Christmas vs Chinese New Year

Similarities and differences between Christmas and Chinese New Year

Monday, February 19, 2015 the celebration of the Spring Festival (春节 Chunjie), known as the Chinese New Year, will take place. This is the most important festival in China, comparable to our Christmas.
Considering the traditions and customs of the Chinese New Year we can see that there are many things in common between the two most important celebrations in Western countries and the Asian countries.

Since there are many similarities, let’s start with the differences:


Christmas is always on December 25th, the date never changes

Chinese New Year’s date changes every year. It is celebrated on the first new moon of the lunar calendar, always between January 21st and February 20th.


Christmas is a religious holiday linked to the Catholic religion. Christmas celebrates Jesus Christ’s birth.

Chinese New Year has pagan roots; it is linked to the rural life.
According to Chinese mythology, the origin of the Spring Festival dates back to an ancient legend that tells of a monster named Nian (
) who once a year used to go to the villages to eat livestock and children. This terrible monster was being banished by using red-color objects and loud noises, which frightened him. For this reason, in China it is usual to greet the arrival of the new year with fireworks and the use of the color red.


Christmas is a Catholic holiday, so the typical rite is to attend the Christmas Holy Mass, usually at midnight December 24 or 25 in the morning to celebrate with the community the birth of Jesus Christ.

The Chinese New Year is welcomed with lion and dragon dances, made by martial artists and acrobats, who wear a great costume with the features of lions and dragons and dancing in a parade through the streets of the city, surrounded by the sounds of drums and dishes. Traditionally this dance is used to push away evil spirits and propitiate luck and prosperity for the new year.


Christmas holiday season usually lasts two weeks, from December 24th until January 6th, the Epiphany. Not every day is a public holiday, except for schools, but it is a time for celebration.

Chinese New Year season also lasts two weeks. The celebration begins on Chinese New Year’s eve and it ends 15 days later, with the traditional Lantern Festival (元宵节 yuanxiao jie). For the Lantern festival children hold parades with red lanterns of various shapes to celebrate the arrival of the first full moon and this is the end of the Chinese New Year Season.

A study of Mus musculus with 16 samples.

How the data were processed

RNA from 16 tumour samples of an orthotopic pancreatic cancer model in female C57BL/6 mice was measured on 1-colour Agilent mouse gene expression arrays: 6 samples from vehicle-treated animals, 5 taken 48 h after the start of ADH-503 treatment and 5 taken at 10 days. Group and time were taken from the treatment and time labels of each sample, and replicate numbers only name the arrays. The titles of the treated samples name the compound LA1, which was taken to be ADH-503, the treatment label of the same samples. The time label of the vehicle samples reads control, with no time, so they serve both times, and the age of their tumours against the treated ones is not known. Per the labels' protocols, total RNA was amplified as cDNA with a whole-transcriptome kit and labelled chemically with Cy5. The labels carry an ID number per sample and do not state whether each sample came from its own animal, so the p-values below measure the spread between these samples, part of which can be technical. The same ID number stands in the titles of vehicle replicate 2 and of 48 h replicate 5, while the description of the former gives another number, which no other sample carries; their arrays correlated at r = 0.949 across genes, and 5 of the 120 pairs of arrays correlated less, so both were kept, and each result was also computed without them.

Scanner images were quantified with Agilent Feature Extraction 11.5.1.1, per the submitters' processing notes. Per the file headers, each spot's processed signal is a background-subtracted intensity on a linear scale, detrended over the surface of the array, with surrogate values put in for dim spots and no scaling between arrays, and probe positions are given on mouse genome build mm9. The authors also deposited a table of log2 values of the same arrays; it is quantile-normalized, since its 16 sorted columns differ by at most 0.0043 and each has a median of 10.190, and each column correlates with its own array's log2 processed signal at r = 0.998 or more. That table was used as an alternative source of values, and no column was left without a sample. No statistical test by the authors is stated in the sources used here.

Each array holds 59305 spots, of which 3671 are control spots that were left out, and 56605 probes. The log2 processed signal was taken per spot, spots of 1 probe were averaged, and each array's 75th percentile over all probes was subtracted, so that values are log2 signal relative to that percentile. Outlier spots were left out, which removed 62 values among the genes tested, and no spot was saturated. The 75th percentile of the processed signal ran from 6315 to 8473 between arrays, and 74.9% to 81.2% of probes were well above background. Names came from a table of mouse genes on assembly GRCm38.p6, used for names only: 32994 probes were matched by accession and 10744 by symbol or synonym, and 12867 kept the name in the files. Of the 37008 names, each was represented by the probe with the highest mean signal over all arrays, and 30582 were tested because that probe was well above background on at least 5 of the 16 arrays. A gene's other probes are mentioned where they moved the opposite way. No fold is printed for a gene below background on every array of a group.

Christmas is traditionally a family celebration, a time when you meet the extended family, with grandparents, uncles, cousins to celebrate all together.

Chinese New Year is the most important family celebration in China. The days before this festival are frantic, lots of people are traveling, because everyone wants to reach his/her family on time to celebrate together.



Once the family has gathered, the best way to celebrate Christmas is by eating and drinking together. Each region has its own dishes, but everyone celebrates spending hours around a table, eating the typical dishes of the festivities. Typical Christmas food  include turkey, nuts, sweets and cakes. In general all the reunions with friends and family are always related to food and drinks.

Chinese New Year is also celebrated around the table eating together the traditional foods of the feast.
Certain foods are typical of 
Chinese New Year for their symbolic meaning often linked to their name or their appearance. Fish for example is a dish that cannot lack during this celebration. This is because the word fish (yú) has the same sound of the word abundance (yú), so eating fish brings fortune and prosperity to the new year.
Another typical dish of this festival is dumplings (
饺子; jiaozi) filled with meat and vegetables. Their shape remind people of the ancient Chinese coins and therefore represent wealth and prosperity.



Once done eating the typical way of spending time together during the holidays is playing games as bingo or cards.

People in China are also used to spend time together playing games. One of the typical games is majiang, a Chinese game that could be compared to our chess.



Christmas is also the time for gift exchange. Children wait anxious for Santa Claus to bring them presents and adults exchange different kinds of gifts, often food or drink or sometimes even money, especially among close relatives.

Gift exchange is also typical in Chinese New Year. The most popular gift is a red envelope (紅包; Hongbao) with money inside. The red envelope is usually given to children and the elderly. Adults generally exchange gifts as fruit baskets, sweets, alcohol, tea etc.


Christmas is the season to decorate the streets of the city, the shops and homes with lights and Christmas trees.
The typical colors of Christmas are red and gold.

Chinese streets, shops and homes are decorated as well during the Spring Festival. The typical decorations are made out of red paper cut out and nodes with red thread. The typical colors of this festival are red and gold.

Although the East and the West may seems two completely different worlds, comparing their most important holidays makes their common aspects evident.